None dare call it ‘yoga’

Elementary-school students hold their position during a yoga class in Encinitas, California, whose school district was the subject of a lawsuit seeking to ban the program. Photo: Gregory Bull/AP

More schools are teaching yoga in hopes of promoting mindfulness and relieving stress, writes Alia Wong in The Atlantic. However, yoga is controversial in some parts of the country.

Georgia parents who complained yoga classes “promoted a non-Christian belief system,” forced the district to remove the “namaste” greeting and coloring-book exercises involving mandalas, she writes. San Diego County parents sued on grounds the yoga program “promoted Eastern religions.”

Since 1993, Alabama has banned yoga, along with hypnosis and meditation, in public schools. A Hindu activist is now challenging the ban.

Yoga proponents say therapies that promote mindfulness help children learn, writes Wong.

A 2009 study published in the Journal of Child and Family Studies, for example, found that mindfulness-based cognitive therapy, which teaches children how to divorce themselves from harmful thoughts or emotions, was linked to reduced anxiety and increased attention levels. Other studies suggest that “mindful movement” such as yoga helps to enhance kids’ executive functions—skills such as working memory, attentional control, and cognitive flexibility. Some studies have gone as far as concluding that yoga has a positive effect on students’ academic performance or engagement, particularly among students who’ve struggled with traumatic experiences such as poverty and struggle with self-regulation as a result.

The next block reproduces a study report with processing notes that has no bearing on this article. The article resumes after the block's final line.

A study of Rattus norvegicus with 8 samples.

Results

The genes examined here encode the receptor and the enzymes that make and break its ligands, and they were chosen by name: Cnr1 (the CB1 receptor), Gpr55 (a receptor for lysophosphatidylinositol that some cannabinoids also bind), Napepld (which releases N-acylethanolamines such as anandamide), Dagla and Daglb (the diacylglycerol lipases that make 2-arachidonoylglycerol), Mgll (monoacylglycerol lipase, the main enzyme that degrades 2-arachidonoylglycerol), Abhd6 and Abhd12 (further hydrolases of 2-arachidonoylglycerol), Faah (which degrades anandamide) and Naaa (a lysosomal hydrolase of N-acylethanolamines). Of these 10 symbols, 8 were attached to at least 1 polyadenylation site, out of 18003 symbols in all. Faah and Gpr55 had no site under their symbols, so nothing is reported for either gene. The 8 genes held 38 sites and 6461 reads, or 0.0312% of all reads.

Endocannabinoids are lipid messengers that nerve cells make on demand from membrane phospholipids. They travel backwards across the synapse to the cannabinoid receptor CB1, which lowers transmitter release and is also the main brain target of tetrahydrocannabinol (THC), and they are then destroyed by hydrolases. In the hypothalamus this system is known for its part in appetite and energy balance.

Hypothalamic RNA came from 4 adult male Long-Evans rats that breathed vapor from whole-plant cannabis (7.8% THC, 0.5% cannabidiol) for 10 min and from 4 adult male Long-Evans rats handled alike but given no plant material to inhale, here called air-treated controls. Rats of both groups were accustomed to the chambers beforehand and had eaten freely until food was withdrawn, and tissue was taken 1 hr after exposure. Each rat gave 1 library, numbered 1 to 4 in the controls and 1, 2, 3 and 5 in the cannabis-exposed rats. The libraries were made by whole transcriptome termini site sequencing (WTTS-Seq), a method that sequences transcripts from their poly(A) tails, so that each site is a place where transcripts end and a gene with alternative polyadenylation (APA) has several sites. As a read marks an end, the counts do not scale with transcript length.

However, the research on yoga and mindfulness is of “low quality and dubious rigor,” charges Amy Wax, a University of Pennsylvania law professor, in a 2016 Atlantic story.

School-based yoga usually goes light on the Sanskrit, focusing on “physical exercise or on relaxation and mindfulness,” writes Wong. In some cases, students do yoga-inspired stretches in class or in P.E. classes; other schools offer yoga as an after-school elective.

I tried yoga years ago: I hated it. The instructor said not to do poses that hurt. That included just about everything. I’m not a flexible person (surprise!). Quitting relieved my stress.

I do think there’s some value in teaching breathing exercises to students.